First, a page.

There’s a lot of untruth in what Brian Molefe says – Ramaphosa

Cyril Ramaphosa. Image credit: Twitter/The Presidency

President Cyril Ramaphosa has denied claims that his business partnership with commodities company Glencore in 2012 was based on his political influence as an ANC heavyweight.

The partnership saw Ramaphosa gaining a stake in Optimum Coal Mine, a Glencore subsidiary at the time, and becoming its chairman.

Brian Molefe’s claims against Ramaphosa

Testifying at the state capture commission of inquiry on Friday, former Eskom CEO Brian Molefe claimed Glencore had roped in Ramaphosa so he could influence Eskom’s management regarding Optimum’s dealings with Eskom.

He claimed, “That was a strategic decision to use the former Secretary-General of the African National Congress, former General Secretary of the National Union of Mineworkers [and] a member of the National Executive Committee of the ANC at the time.

“They knew that the profitability of the company [Optimum] will only come from a successful renegotiation of the coal price and ignoring by Eskom of the penalties that were accumulating at the time. Mr Ramaphosa was their bet.

“The profitability of Optimum was therefore dependent on the peddling of political influence and the extent to which Glencore would be able to exert pressure on Eskom directors and management.”


Speaking during an interview with Radio 702 on Friday, Ramaphosa said claims that he used political influence to benefit Optimum and Glencore were untrue.

He added, “In as far as Mr Brian Molefe’s testimony is concerned, I think that there is a lot of untruth in saying that I got shares because I wanted to advance the interests of Glencore. Far from the truth.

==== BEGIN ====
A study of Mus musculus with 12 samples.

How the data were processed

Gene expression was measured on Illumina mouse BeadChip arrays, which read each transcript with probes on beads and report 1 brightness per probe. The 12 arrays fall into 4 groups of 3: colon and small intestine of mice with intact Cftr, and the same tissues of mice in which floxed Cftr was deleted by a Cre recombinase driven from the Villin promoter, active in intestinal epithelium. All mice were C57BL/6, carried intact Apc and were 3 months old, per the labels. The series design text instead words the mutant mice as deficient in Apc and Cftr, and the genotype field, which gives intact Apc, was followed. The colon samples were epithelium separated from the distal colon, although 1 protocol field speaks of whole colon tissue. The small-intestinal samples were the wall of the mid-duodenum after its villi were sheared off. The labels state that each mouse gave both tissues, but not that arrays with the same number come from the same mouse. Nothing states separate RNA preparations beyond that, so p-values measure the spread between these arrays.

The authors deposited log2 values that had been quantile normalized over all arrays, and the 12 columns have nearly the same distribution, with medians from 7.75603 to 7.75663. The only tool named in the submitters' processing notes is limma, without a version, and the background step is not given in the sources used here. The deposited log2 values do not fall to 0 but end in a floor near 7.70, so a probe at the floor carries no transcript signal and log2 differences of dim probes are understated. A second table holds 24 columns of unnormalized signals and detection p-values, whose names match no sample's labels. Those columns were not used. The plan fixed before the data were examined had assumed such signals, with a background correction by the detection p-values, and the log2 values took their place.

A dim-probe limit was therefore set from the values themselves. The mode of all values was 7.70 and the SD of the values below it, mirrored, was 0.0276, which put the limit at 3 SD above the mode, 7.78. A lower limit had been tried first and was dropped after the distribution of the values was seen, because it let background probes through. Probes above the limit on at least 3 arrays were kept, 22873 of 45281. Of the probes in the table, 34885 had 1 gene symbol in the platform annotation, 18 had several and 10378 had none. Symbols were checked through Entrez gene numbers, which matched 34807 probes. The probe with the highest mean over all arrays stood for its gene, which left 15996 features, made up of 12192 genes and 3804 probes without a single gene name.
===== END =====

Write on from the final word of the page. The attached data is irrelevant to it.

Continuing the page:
“Obviously, people will throw stories around to try and tarnish people, but I will respond to the real facts and deal with them as far as I’m concerned. I will be having my own opportunity to testify before the Zondo Commission.”

Molefe also claimed there may have been conflict of interest when Ramaphosa became the chairman of the Eskom “war room” in December 2014 after he became Deputy President of South Africa.

He claimed this was because Ramaphosa’s divestment from Optimum was still pending before the Competition Commission in August 2014. [Note: Eskom war room was however appointed in December 2014.]

In another interview with Power FM, Ramaphosa reiterated that he divested from all his business interests soon after becoming Deputy President of South Africa.

The President explained, “I did exit those business dealings and I am going to explain in full and in detail when I appear before the Zondo Commission without even being afraid or concerned about anything because the issue of conflict of interest I have always taken very seriously.

“I have always sought to ensure that whatever position I am in, I should never be in a conflict of interest situation where I advance, through underhand means, my own interests.”